By – Angela Riccitello
[JIG Covid-19 Series]: The socio-economic impacts of the Covid-19 pandemic on communities across the globe was the topic of a webinar as part of the Nairobi Commitments/ICPD25: ‘What’s Next?’ Global Conversation series by the United Nations Fund for Population Activities [UNFPA]. This second discussion was titled “Money in Our Pockets: COVID Socio-economic Consequences” where mitigation strategies were highlighted by feminist economist Radhika Balakrishnan, Faculty Director, for the Center for Women’s Global Leadership’s [CWGL], as well as other academic leaders.
Held on June 25, 2020, the webinar included detailed damages on livelihoods and economies in addition to action steps needed to lessen the economic, social and health consequences of the Covid-19 pandemic on countries around the world.
Balakrishnan discusses the pandemic as a multi-dimensional crisis. “Covid-19 is an economic crisis, healthcare crisis, and a crisis of care. It intensifies economic inequalities and vulnerabilities in terms of gender and of race, and divisions of class and caste,” she said.
“The issue of domestic violence is also increasing by the minute. Lockdowns have exacerbated the issues we’ve been dealing with.” Balakrishnan explained the need for a feminist response, and to look at care work as part of the world economy. Covid-19 also reveals the widening inequalities between groups and genders.
“The worst hit work in the informal economy. For these people, there is a stark trade-off between eating, dying of hunger or dying from the virus. For them, the imperative is to keep working,” said Naila Kabeer, Professor of Gender and Development at the London School of Economics, who confronts inequalities in the context of Covid-19.”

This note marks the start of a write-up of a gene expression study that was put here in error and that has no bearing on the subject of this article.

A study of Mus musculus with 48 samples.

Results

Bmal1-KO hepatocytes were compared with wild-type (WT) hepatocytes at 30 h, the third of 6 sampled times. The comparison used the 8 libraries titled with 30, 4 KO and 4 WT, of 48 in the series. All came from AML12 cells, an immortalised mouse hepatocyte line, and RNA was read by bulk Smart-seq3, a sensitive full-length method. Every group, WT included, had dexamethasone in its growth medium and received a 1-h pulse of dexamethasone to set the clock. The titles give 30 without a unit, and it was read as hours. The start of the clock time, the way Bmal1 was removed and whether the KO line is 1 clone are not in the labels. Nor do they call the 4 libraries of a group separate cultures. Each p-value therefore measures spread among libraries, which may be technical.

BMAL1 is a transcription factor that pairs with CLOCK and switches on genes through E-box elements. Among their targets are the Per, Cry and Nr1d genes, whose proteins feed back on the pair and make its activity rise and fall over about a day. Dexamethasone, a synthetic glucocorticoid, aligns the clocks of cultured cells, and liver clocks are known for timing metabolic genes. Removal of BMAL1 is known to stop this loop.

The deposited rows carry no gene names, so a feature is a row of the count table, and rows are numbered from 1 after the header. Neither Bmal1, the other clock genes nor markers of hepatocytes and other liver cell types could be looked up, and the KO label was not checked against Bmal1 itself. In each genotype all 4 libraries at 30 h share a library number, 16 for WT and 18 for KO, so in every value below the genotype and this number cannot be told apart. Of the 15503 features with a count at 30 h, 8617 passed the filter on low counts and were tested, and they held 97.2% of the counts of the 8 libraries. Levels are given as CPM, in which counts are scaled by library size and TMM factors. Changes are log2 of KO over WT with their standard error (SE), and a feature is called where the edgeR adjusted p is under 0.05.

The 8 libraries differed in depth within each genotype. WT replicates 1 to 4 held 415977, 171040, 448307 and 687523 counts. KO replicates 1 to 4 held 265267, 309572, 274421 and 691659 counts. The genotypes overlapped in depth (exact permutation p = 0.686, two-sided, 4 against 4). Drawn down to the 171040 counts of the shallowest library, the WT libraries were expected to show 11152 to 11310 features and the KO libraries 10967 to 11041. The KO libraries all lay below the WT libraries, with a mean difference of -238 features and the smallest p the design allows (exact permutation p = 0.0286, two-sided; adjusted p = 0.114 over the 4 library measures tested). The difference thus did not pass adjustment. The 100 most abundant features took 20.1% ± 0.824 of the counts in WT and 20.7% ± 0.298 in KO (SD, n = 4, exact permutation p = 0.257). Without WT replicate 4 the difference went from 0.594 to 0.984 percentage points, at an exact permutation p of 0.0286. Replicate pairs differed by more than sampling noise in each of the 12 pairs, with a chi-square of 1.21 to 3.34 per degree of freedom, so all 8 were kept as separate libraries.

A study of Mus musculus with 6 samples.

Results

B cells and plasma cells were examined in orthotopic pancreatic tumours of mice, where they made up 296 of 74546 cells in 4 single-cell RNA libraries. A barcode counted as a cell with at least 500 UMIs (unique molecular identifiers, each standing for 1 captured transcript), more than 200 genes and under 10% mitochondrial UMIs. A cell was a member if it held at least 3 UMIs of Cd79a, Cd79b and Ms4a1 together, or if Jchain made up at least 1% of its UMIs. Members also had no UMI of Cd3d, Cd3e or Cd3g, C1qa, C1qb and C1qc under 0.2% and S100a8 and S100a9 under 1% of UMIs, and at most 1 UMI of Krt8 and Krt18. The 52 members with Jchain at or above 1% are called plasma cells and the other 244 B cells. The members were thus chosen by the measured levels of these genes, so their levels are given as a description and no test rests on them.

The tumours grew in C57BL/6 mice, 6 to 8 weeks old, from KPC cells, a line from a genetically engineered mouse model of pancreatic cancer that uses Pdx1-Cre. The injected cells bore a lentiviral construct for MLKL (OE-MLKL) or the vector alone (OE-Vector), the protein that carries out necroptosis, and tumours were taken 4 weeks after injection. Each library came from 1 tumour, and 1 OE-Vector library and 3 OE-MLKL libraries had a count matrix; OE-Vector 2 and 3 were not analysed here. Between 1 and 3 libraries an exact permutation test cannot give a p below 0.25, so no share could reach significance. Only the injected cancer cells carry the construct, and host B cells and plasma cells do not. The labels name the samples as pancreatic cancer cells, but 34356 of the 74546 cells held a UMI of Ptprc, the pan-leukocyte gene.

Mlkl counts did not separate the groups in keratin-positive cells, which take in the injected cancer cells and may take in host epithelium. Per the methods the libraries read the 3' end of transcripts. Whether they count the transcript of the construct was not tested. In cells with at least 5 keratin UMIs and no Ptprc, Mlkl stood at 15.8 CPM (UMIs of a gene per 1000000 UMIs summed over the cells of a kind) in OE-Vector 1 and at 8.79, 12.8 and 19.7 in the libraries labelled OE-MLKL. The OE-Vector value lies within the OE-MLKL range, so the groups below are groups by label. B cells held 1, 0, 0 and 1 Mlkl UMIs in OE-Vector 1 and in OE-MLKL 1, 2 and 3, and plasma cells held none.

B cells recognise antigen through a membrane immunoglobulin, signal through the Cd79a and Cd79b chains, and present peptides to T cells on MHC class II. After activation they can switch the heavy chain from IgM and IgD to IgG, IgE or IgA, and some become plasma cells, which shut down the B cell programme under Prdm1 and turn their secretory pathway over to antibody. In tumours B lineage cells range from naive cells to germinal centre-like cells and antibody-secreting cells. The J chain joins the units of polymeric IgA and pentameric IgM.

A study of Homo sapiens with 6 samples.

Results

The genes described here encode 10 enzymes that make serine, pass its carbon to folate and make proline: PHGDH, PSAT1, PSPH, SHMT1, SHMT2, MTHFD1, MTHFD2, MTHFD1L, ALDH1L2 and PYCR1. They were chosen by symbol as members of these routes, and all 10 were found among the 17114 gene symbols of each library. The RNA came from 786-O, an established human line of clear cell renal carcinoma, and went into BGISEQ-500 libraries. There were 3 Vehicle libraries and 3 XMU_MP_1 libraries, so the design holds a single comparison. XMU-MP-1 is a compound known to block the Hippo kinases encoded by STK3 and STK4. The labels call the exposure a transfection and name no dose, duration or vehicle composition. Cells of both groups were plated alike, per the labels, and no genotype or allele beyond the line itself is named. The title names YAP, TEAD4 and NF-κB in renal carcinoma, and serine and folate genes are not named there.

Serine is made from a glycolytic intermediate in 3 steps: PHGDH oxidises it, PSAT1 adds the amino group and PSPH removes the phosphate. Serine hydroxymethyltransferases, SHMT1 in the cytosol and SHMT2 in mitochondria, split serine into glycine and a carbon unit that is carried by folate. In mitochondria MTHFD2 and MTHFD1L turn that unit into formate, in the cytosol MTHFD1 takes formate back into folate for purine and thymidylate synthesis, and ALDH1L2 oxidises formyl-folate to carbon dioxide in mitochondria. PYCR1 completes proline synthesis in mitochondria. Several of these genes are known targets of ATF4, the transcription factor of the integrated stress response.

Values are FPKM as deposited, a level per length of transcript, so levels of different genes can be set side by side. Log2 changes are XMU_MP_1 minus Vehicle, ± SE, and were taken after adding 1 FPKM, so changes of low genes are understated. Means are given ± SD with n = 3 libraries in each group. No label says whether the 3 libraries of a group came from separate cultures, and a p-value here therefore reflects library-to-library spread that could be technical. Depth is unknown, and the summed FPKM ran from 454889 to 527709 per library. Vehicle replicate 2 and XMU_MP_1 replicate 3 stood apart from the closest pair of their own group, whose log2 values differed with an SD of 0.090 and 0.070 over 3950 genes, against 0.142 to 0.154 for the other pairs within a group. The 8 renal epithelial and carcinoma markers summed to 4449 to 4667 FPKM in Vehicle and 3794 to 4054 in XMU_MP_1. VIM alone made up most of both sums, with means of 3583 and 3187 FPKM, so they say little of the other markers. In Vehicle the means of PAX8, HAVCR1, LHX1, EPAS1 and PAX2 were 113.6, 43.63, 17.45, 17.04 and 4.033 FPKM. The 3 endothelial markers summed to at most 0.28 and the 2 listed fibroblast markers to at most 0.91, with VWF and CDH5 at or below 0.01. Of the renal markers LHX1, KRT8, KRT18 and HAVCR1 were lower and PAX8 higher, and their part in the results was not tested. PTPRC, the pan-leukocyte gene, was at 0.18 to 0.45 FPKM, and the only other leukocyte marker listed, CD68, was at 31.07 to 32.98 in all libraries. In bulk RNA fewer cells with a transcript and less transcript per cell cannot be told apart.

“In India, women are more likely to die from coronavirus than men, showing the existing health inequalities between women and men,” said Kabeer. Policies are needed at both the national and international levels.
Isabel Ortiz, Director of the Global Social Justice Program addresses the necessary policy implementations for Covid-19 recovery. “We need to invest in universal public health. The key is to continue investing in long-term universal public health systems, including reproductive health because it is essential to the health of the planet.”
Ortiz said countries who have done well during crises already have universal public social protection programs in place. The Nairobi Commitments are now more imperative than ever.
“The pandemic is interrupting health systems, programs that have been ongoing, and could contribute to 13 additional child marriages and 2 million cases of FGM,” said Natalia Kanem, Executive Director, UNFPA and Facilitator of the series of global conversations.
“Regardless of the political push back against sexual and reproductive health and rights, UNFPA is keeping our eyes fixed on the horizon, including Nairobi Commitments and Agenda 2030.”
*This story is part of the Covid-19 gender-based violence journalism series, produced by the Journalism Initiative on Gender-Based Violence (JiG), an initiative of the Center for Women’s Global Leadership. The Series is produced by Angela Riccitello (Writer) and Lagipoiva Cherelle Jackson (Editor). Riccitello is the journalism intern at JiG and a journalism graduate at Rutgers University. Lagipoiva is the Chief Editor of JiG and the CWGL Visiting Global Associate.